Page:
The Department of Health and Human Services today released a document intended to preview the kinds of benefits most health plans must offer starting in 2014. But one consumer advocate said it does not provide nearly enough information to be helpful.
The federal government in December gave states significant leeway to decide what “essential benefits” must be included in coverage sold to individuals or small businesses under the 2010 health law. The law mandates coverage within 10 benefit categories; it’s up to each state to decide specifics, such as how many doctors’ visits or what drug services the plans will be required to offer. States can use several options to base those benefit requirements, including what some existing health plans in the state offer.
Today, HHS released a list of some insurance products in each state that could serve as models, but while the document included names of plans, it did not indicate what benefits are covered by those plans or what benefits it would like to see in future plans.
It’s a problem not to have the details about what is in the plans, said Stephen Finan, senior director of policy at the American Cancer Society-Cancer Action Network. While some benefit specifics can be found online, Finan said that without the whole package, “we remain completely in the dark.”
In December, the Cancer Society signed onto a letter with other consumer groups asking HHS to identify which health plans states could choose as benchmarks. Finan says that today’s list is helpful, but that it will be difficult to get detailed benefit information.
“We know a little more than we knew yesterday, but we still do not have basic documents to see if the plans are good or not so good for cancer patients, or any other kind of patient,” he said. Consumer groups, he said, are “very concerned that some of these plans may be inadequate, particularly in small states. The second or third largest plan might not be any good at all. Until we can look at the document, there’s no way of knowing.”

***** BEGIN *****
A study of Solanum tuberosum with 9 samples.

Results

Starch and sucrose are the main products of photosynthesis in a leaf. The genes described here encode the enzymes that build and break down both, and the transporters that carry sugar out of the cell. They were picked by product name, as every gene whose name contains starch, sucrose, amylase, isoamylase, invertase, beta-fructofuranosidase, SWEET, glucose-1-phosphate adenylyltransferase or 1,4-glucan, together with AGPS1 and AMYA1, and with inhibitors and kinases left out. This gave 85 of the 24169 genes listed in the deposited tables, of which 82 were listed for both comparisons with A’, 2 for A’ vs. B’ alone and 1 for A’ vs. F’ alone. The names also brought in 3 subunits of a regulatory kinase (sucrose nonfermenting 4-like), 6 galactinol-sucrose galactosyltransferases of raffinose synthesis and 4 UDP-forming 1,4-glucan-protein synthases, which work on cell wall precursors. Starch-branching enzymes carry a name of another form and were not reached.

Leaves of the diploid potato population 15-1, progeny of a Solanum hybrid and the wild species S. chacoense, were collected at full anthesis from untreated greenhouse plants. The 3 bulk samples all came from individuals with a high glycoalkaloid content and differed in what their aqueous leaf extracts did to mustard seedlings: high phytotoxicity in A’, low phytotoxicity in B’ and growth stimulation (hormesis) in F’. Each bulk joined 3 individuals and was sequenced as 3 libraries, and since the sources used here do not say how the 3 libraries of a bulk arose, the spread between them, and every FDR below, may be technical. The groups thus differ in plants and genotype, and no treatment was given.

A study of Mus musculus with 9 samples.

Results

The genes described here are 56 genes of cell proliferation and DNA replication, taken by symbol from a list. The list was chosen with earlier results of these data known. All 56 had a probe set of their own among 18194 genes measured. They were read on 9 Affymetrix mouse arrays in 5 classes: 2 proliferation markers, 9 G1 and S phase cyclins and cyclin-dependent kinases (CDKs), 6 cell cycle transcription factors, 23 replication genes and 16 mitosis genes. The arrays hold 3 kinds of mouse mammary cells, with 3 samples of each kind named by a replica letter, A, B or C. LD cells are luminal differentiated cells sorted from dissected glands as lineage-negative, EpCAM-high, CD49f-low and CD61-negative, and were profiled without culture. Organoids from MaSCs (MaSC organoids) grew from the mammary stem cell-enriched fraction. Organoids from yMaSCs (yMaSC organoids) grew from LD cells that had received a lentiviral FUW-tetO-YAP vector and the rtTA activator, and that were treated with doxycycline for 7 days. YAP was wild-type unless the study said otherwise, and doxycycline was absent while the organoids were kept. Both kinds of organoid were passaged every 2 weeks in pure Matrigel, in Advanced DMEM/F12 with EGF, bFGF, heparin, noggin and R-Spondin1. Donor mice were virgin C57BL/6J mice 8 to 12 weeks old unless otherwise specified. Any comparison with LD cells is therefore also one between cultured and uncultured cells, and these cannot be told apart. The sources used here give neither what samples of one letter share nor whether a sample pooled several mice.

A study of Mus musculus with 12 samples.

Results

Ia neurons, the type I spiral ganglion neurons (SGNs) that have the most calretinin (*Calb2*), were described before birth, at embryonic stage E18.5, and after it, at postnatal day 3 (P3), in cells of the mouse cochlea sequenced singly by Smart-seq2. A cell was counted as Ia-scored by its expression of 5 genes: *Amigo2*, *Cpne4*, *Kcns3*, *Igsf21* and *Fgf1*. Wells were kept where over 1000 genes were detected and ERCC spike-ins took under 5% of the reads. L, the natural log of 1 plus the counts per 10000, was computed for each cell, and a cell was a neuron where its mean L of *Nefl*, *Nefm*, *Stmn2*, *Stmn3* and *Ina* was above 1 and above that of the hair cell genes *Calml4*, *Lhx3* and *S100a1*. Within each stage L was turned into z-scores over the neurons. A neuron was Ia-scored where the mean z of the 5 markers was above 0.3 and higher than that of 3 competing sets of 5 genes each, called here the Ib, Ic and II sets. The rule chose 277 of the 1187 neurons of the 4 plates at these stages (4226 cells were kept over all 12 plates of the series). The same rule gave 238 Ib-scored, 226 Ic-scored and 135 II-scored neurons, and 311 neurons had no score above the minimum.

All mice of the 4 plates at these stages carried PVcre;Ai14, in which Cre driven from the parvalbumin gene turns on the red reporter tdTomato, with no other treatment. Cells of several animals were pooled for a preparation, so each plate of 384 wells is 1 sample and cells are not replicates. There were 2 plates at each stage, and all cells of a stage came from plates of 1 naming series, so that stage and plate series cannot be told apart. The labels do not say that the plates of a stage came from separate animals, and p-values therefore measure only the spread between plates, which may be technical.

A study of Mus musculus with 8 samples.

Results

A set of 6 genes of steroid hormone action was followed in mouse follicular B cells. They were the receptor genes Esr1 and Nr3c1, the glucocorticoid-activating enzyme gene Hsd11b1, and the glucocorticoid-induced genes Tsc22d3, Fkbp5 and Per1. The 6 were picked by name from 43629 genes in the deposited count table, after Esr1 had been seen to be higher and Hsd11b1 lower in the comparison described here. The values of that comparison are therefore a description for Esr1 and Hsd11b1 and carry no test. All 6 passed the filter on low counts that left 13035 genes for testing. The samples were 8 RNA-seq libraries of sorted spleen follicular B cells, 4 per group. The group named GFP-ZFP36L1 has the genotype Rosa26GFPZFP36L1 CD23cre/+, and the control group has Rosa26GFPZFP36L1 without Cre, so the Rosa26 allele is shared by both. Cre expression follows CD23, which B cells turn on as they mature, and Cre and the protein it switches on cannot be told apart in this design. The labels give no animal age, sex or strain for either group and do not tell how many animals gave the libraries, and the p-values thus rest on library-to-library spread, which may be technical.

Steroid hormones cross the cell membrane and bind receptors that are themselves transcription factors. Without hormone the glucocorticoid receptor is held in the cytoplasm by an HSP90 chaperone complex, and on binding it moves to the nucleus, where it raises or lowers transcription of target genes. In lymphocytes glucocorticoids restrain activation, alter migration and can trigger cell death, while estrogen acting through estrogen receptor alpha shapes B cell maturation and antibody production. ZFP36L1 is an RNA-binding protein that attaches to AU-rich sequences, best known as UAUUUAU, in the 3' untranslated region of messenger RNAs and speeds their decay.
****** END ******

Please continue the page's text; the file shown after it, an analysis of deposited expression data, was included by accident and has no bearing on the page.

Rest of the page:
The HHS document lists the insurance products in each state with the three largest enrollments in the small group market. It also provides a list of the three nationally available health plans with the largest enrollments that are available to federal employees. “Under the state’s intended approach, states would have the flexibility to select an existing health plan to set the ‘benchmark’ for the items and services included,” according to the document. If it does not cover benefits in all of the federally-defined categories, then the state would have to supplement to the benchmark.
States could select a benchmark from four types of health plans:
- An insurance product in a state that has one of the three largest enrollments in the small group market.
- Any of the three state employee plans with the largest enrollment.
- Any of the three federal employee plans with the largest enrollment.
- The largest commercial non-Medicaid HMO in the state
Finan said his group has been advocating for transparency, but that this is a “perfect example of where it’s not happening. Collectively, states and citizens are being asked to decide what the benchmark is. But how can anyone make informed decision until they know what the benefits are in each plan?”